Keith Thomas’ debut feature The Vigil sometimes falls victims to horror clichés, but is lifted up by a strong lead performance.

The Vigil Film Review

The Vigil Review

Decisions about leaving (or joining) a faith are filled with consequences. It could mean leaving a community that has provided years of fostering, or it might create the risk of eternal damnation on the off chance that whatever organization happens to be right on the money. Keith Thomas’ debut feature, The Vigil, explores a single turbulent night for a man who has recently left his ultra-Orthodox Jewish upbringing, but is swept back into it at the behest of a friend. It’s a horror film held aloft by a strong lead performance, despite sometimes falling victim to the worst trends in the genre.

Dave Davis stars as Yakov, a former Hassidic Jew who’s currently in a support group for other recently departed Hassids. He still struggles to understand new technology — like smartphones — which makes for awkward flirting when a woman in his group tries to give him her number for a coffee meet-up. Fragmentary flashbacks show how Yakov left the faith after a violent hate crime against him and his younger brother, with the details gradually being doled out throughout.

The Vigil Review

Though Yakov is adjusting well to his new life and freedoms, he is pursued by a rabbi from his old life, Reb Shulem (Menashe Lustig), who has been pestering him to return to the ultra-Orthodox religion — or at least attend services. But when Yakov sees the rabbi outside his support group meeting, it’s not about rejoining the faith. Shulem is desperate to find a shomer — a person who watches over a dead person’s body and recites psalms in order to keep evil spirits at bay. Family members often take the position, but a Holocaust survivor has just died, and his elderly wife suffers from dementia, so they’ll need to find a paid shomer.

Yakov’s familiarity with the task, combined with Shulem’s hope of bringing him back into the fold, makes him a logical choice. After haggling over the price, he agrees to do the deed for the five hours until sunset. But once he’s inside the tiny Brooklyn home, with a covered body on a table behind him, Yakov notices that something is amiss. The wife, Mrs. Litvak (a creepy Lynn Cohen), says disturbing things that don’t make much sense, and Yakov hears shuffling noises throughout the house, despite the two of them supposedly being the only (living) souls under its roof. He starts to fear he may not be up to the task of warding off any spirits in their vicinity.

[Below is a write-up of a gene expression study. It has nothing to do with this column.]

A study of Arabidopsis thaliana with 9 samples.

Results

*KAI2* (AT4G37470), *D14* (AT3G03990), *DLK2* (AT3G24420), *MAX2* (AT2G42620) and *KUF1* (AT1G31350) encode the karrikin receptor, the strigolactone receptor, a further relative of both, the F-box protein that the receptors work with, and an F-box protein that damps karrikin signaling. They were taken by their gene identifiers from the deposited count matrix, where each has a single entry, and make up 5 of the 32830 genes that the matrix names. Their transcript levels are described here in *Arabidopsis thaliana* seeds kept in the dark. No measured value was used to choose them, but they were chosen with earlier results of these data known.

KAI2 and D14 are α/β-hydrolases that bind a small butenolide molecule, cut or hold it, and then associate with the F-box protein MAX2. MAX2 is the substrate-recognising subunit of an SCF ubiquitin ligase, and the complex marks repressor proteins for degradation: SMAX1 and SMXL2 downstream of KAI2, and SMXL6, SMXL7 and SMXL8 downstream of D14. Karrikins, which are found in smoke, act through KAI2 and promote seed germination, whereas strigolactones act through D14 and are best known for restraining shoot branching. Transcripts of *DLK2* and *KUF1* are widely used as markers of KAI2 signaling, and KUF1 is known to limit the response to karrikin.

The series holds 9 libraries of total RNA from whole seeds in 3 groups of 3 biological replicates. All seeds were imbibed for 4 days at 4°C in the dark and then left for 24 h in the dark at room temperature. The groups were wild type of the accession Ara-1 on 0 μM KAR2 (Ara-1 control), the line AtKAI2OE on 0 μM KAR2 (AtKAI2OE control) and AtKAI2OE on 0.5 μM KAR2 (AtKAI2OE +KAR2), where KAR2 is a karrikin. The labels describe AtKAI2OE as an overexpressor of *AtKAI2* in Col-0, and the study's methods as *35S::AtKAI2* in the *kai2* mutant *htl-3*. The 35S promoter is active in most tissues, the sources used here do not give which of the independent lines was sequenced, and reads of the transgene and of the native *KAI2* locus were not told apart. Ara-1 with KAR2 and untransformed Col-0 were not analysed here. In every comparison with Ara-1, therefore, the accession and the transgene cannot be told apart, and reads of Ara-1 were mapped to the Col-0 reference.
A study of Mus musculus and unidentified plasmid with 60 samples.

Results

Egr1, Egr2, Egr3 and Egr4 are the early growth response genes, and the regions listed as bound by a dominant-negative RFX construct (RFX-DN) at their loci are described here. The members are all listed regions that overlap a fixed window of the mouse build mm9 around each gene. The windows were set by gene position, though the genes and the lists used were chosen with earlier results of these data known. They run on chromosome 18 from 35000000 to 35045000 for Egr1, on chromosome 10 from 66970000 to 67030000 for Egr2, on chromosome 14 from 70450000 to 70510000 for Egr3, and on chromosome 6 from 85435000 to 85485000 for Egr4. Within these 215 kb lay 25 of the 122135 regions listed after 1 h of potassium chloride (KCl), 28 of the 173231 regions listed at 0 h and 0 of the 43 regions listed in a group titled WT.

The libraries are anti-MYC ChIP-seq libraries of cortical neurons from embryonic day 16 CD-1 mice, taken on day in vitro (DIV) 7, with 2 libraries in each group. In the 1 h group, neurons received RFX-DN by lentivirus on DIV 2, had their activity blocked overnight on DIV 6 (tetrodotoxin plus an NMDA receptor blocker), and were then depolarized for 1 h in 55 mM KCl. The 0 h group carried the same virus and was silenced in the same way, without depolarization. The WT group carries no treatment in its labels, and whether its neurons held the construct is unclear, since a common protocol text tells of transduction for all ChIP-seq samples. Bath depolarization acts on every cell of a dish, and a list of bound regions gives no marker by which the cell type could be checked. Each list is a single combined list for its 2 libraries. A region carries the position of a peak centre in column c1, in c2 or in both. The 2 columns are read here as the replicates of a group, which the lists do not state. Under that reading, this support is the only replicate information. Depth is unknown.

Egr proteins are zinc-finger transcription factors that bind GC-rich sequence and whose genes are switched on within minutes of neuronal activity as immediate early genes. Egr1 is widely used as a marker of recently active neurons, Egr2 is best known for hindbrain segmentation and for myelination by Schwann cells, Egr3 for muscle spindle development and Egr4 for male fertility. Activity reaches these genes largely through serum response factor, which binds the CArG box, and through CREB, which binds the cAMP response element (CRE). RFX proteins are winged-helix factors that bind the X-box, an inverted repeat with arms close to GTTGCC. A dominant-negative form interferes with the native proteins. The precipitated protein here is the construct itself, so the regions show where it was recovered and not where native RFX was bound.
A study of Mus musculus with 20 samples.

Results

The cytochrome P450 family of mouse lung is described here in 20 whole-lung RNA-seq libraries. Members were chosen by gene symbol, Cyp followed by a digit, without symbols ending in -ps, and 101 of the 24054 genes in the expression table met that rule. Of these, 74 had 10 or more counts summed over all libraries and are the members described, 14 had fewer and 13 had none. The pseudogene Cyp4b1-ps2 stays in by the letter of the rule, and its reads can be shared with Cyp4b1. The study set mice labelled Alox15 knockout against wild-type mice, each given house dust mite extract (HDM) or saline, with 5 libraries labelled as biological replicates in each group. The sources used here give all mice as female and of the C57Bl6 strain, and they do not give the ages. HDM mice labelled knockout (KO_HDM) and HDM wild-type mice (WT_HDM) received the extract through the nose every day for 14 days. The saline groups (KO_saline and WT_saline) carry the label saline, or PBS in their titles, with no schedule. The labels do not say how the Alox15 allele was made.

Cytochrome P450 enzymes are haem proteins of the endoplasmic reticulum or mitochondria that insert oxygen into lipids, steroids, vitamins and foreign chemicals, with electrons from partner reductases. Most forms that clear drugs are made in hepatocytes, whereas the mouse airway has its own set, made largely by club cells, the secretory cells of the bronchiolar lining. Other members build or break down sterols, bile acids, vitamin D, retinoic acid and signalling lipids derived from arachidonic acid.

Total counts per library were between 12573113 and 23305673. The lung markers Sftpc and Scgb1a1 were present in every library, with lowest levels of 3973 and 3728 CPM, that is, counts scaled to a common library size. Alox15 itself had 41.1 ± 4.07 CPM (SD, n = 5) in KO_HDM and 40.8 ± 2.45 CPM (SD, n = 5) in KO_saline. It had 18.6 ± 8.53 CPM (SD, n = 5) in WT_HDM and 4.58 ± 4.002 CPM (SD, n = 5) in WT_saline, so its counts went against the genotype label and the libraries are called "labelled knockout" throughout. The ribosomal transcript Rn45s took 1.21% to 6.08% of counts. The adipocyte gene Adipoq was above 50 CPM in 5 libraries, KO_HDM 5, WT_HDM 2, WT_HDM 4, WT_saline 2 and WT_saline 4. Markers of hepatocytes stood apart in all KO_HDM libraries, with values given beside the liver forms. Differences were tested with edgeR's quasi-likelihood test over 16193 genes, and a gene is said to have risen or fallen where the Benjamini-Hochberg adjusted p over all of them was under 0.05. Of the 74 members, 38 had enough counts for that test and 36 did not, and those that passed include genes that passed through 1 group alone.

The Vigil Review

Keith Thomas, who also wrote The Vigil in addition to directing, started his career as a medical researcher before transitioning to novel writing. His experience conducting research with those suffering from dementia helped inform his writing for Mrs. Litvak. He also brings a novelist’s conception of thrills to his horror film. Many of the early frights in The Vigil aren’t seen — just heard or imagined. Thomas’ previous work writing thrillers required readers to fill in many of the details, and here he encourages audiences to fill in the blanks, to chilling success. However, the first-time director also relies on tired horror clichés; every scary moment is punctuated with a blast from the score, and over time, these stings get larger and larger until they involve choirs of screaming singers. It’s all too much, and it’s a shame that Thomas didn’t trust his own skills more.

Though The Vigil is frightening enough and intriguing in its avoidance of more common Christian tropes, the real focus is Davis’ lead performance. He’s electrifying as a person soldiering on despite his own psychic trauma, which may or may not be the source of things he sees and hears in the house. The Vigil is still wobbly on its legs, but a strong lead performance makes it a horror film worth seeking out.

Editor’s Note: This article was originally published on September 11, 2019 as part of our coverage of the Toronto International Film Festival.

Written By

Brian Marks is Sordid Cinema's Lead Film Critic. His writing has appeared in The Village Voice, LA Weekly, The Los Angeles Times, and Ampersand. He's a graduate of USC's master's program in Specialized Arts Journalism. You can find more of his writing at Best film experience: driving halfway across the the country for a screening of Jean-Luc Godard's "King Lear." Totally worth it.